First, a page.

May 27, 2021 - Politics & Policy

Obama faced "constraints" as president to condemn killings of Black Americans

Former U.S. President Barack Obama speaks during a drive-in rally while campaigning for Democratic nominee Joseph Biden, on October 21, 2020 in Philadelphia, Pennsylvania.
Former President Obama in Philadelphia in October. Photo: Michael M. Santiago/Getty Images

Former President Obama said Wednesday that "institutional constraints" stopped him from speaking out against the killings of Black Americans when he was in office.

Driving the news: The former president made the comments during the My Brother's Keeper Leadership Forum, which discussed activism since the May 2020, murder of George Floyd.

What he's saying: "There were some frustrations for me in my institutional role," Obama said, citing unrest in Ferguson, Missouri, following the fatal 2014 shooting of Black teenager Michael Brown by a white police officer.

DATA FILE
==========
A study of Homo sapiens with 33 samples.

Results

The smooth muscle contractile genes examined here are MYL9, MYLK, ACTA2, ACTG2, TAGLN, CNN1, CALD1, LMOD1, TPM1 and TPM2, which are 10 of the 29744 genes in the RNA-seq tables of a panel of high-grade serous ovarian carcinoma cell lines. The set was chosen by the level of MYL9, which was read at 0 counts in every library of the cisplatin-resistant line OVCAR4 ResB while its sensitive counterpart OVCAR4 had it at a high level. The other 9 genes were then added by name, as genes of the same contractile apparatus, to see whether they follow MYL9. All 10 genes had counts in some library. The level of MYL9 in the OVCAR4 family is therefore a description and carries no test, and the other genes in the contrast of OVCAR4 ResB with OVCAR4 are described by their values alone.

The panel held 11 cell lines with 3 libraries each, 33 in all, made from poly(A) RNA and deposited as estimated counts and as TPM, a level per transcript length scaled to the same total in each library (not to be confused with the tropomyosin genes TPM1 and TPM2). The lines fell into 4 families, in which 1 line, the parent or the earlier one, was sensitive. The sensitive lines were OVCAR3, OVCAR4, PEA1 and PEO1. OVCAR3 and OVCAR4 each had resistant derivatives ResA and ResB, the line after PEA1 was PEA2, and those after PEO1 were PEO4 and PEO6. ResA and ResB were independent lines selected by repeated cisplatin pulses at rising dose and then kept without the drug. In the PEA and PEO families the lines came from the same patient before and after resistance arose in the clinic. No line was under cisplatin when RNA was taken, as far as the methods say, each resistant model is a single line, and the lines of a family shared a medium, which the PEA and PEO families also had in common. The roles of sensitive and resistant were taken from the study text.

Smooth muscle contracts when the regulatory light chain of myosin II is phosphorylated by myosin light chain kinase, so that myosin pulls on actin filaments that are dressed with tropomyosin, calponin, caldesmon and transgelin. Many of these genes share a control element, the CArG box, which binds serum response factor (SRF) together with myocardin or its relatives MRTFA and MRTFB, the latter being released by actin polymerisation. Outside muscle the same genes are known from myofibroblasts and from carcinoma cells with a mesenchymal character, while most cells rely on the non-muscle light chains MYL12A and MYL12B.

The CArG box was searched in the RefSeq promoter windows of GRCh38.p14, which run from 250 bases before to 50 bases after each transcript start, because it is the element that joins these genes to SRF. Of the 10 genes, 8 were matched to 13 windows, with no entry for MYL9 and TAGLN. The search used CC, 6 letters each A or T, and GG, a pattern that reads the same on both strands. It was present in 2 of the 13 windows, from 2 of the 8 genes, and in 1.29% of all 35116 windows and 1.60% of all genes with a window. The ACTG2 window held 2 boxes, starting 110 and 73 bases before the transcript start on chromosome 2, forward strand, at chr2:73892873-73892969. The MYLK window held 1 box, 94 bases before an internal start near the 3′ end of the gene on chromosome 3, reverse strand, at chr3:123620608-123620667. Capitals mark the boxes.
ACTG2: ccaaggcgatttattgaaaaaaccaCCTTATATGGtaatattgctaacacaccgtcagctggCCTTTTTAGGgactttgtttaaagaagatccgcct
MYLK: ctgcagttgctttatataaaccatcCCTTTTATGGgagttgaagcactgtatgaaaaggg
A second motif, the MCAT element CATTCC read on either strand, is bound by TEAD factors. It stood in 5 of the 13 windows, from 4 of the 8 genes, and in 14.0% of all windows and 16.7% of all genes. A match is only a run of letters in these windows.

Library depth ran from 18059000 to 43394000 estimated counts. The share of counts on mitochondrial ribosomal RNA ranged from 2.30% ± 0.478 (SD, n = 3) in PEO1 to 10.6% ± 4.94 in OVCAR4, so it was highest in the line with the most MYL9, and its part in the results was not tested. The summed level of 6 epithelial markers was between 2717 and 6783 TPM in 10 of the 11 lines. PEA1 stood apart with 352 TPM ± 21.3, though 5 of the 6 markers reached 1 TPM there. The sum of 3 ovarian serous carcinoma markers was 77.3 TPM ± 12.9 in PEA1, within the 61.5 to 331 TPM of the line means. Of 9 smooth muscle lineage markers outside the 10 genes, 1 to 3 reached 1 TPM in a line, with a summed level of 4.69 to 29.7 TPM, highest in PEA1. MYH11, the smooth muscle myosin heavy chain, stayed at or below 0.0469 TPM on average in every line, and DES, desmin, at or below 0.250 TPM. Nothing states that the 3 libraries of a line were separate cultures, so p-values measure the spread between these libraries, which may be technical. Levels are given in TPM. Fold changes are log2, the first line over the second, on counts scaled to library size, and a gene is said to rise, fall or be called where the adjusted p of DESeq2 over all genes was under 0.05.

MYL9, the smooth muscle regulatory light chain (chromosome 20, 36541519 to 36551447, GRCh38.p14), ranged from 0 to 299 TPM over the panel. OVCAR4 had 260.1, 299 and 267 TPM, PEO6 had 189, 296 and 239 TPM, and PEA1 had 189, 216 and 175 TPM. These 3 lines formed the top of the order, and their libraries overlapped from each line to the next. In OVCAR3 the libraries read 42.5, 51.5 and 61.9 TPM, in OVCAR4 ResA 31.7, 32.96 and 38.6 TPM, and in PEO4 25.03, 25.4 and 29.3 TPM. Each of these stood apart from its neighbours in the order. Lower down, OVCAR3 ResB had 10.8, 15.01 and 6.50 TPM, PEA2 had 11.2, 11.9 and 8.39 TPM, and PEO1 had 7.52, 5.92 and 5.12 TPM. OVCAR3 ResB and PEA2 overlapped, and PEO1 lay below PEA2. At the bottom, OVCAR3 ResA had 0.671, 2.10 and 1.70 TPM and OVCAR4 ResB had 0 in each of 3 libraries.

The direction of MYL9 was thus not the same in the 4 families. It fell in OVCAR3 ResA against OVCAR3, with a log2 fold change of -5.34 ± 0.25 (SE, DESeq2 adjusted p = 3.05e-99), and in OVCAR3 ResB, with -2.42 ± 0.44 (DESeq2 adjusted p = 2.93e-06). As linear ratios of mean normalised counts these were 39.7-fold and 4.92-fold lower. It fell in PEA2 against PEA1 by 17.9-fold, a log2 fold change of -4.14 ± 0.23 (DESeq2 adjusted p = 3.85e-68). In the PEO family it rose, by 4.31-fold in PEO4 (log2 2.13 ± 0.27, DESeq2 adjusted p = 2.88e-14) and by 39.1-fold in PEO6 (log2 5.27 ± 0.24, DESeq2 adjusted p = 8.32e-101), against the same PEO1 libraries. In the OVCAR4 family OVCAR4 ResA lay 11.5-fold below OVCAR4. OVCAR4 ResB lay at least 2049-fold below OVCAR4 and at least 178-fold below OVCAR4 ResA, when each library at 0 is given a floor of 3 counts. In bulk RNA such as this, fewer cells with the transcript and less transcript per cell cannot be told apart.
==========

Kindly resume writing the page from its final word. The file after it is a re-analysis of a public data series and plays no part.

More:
• "I went as far as I could just commenting on cases like Trayvon Martin," he said of the Black teenager shot and killed by then-neighborhood watch volunteer George Zimmerman in 2012.
  • Obama explained that in those instances he did "not in any way want to endanger" the Justice Department in its "capacity to go in, investigate and potentially charge perpetrators."
  • This meant he "could not come down or appear to come down decisively in terms of guilt or innocence in terms of what happened," the former president added.

Of note: Obama noted that when he won in 2012, he didn't have congressional or gubernatorial majorities, which prevented him from pushing through social justice reforms.

  • "All the reform initiatives that we were coming up with, and the ideas that had been generated, we weren't able to translate into as bold a set of initiatives as I would have wanted," he said.